November 15 marks a historic milestone, as the world’s population reaches eight billion people. This unprecedented growth is the result of improvements in public health, nutrition, personal hygiene and medicine.

“The milestone is an occasion to celebrate diversity and advancements, while considering humanity’s shared responsibility for the planet,” says United Nations Secretary-General António Guterres.

To mark the day, here are 10 facts on the world’s population.

  1. 12 years to grow from seven to eight billion

It took 12 years for the global population to grow from seven to eight billion. It is estimated that this figure will peak at 10.4 billion in the 2080s, and remain at that level until 2100.

  1. Slowing population growth

It will take approximately 15 years —until 2037— for the world population to reach nine billion, a sign that the overall growth rate of the global population is slowing.

Over the next few decades, population momentum will maintain the growth that resulted from the high fertility of previous generations. This is despite the decline in the number of births per woman observed today. But after half a century of declining fertility, this growth is slowing.

The European Union’s average fertility rate in 2020 was 1.50 children.

  1. One of the world’s most densely populated countries is in Europe

The Principality of Monaco is among the most densely populated countries in the world. In 2016, the recorded population density was 25,411.4 people per km².

Iceland has the lowest population density on the European continent.

  1. Longer lives

In 2019, global life expectancy at birth stood at 72.8 years, and at 80.4 years in the European Union in 2020.

While life expectancy has been rising since the 1950s, the gaps between countries are not closing fast enough.

In low-income countries, life expectancy at birth is around 63, almost 10 years below the global average.

The EU region with the highest life expectancy at birth was the French island of Corsica (84.0), followed by the Balearic Islands in Spain (83.9) and the Epirus region in Greece (83.8). The EU regions with the lowest life expectancy at birth were all in Bulgaria.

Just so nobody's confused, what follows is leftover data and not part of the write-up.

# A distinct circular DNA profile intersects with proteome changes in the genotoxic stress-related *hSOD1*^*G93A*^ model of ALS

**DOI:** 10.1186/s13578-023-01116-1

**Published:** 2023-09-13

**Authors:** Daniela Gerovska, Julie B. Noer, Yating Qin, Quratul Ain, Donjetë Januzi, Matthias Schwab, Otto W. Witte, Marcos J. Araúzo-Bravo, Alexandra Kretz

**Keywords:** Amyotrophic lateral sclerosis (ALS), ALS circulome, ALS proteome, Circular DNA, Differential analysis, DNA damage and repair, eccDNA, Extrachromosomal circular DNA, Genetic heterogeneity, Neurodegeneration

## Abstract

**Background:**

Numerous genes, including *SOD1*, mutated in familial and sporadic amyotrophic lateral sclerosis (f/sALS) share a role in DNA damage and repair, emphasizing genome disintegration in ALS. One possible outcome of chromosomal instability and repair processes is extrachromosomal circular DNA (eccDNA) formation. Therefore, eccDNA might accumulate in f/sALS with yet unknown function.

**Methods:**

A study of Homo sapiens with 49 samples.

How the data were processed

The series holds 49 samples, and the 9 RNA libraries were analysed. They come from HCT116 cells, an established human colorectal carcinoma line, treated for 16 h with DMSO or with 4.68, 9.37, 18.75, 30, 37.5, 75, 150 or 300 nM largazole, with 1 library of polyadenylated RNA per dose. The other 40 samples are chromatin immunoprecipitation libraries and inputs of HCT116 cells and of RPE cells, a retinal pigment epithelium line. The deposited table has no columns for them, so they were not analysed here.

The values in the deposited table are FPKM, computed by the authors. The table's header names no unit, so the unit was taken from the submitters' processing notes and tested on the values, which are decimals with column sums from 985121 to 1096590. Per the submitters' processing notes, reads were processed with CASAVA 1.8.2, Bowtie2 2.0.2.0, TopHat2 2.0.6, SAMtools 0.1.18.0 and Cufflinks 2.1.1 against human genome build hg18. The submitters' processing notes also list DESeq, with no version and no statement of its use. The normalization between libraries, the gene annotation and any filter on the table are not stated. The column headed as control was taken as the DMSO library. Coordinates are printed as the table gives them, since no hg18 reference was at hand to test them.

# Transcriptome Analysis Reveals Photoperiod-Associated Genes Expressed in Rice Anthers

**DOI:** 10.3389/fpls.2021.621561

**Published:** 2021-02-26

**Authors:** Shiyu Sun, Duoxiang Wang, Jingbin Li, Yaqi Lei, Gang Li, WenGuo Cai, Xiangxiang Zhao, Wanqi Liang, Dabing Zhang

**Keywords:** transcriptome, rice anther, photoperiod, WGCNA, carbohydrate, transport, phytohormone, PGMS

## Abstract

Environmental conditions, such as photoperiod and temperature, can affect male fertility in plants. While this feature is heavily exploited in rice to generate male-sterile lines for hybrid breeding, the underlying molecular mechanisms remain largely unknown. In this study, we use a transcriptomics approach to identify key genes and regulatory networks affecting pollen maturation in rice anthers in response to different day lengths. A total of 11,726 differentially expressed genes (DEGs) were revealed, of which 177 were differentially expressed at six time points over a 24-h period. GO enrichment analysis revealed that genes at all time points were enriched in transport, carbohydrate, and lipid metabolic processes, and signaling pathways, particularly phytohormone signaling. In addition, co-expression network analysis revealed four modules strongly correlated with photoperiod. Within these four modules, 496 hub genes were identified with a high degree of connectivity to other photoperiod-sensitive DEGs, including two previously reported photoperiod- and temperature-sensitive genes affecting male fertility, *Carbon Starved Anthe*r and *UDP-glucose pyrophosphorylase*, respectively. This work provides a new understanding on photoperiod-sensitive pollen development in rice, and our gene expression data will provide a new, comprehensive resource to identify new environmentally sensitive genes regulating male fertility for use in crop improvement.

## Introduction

1. Almost 5 % more women than men in the EU

As of January 1 2021, there were 229 million women and 219 million men in the EU.

More boys than girls are born worldwide (for every 100 girls born, there are nearly 106 boys), but women live longer than men almost everywhere in the world.

  1. More than a fifth of the EU population are over 65

In 2019, 20.8% of the EU’s population was aged 65 years or older.

Due to demographic change, the proportion of working-age people in the EU is decreasing while the relative number of retirees is increasing.

  1. 281 million people live outside their country of birth

While nearly 29 out of 30 people remain in their country of birth, more and more people are moving across borders.

  1. 44.1 years is the median age of the EU population

This means that half of the EU’s population is older than 44.1 years.

The European regions with the lowest median age are the French overseas regions of Mayotte and Guiana, with a median age of 17.7 and 26.3 respectively, followed by Melilla in Spain (34.4) and Brussels (35.9).

  1. Over two million COVID-19 related deaths in Europe

The COVID-19 pandemic has had a measurable impact on the population, particularly on mortality rates. Since the beginning of the pandemic, more than two million people have died from the disease in the European Region.

  1. India and China are the world’s most populous countries 

By 2022, more than half of the world’s population will live in Asia. India and China, each with over 1.4 billion people, are the most populous countries today. China’s population is no longer growing, and may start declining as early as 2023, while India, which is experiencing population growth, is expected to surpass it as the world’s most populous country.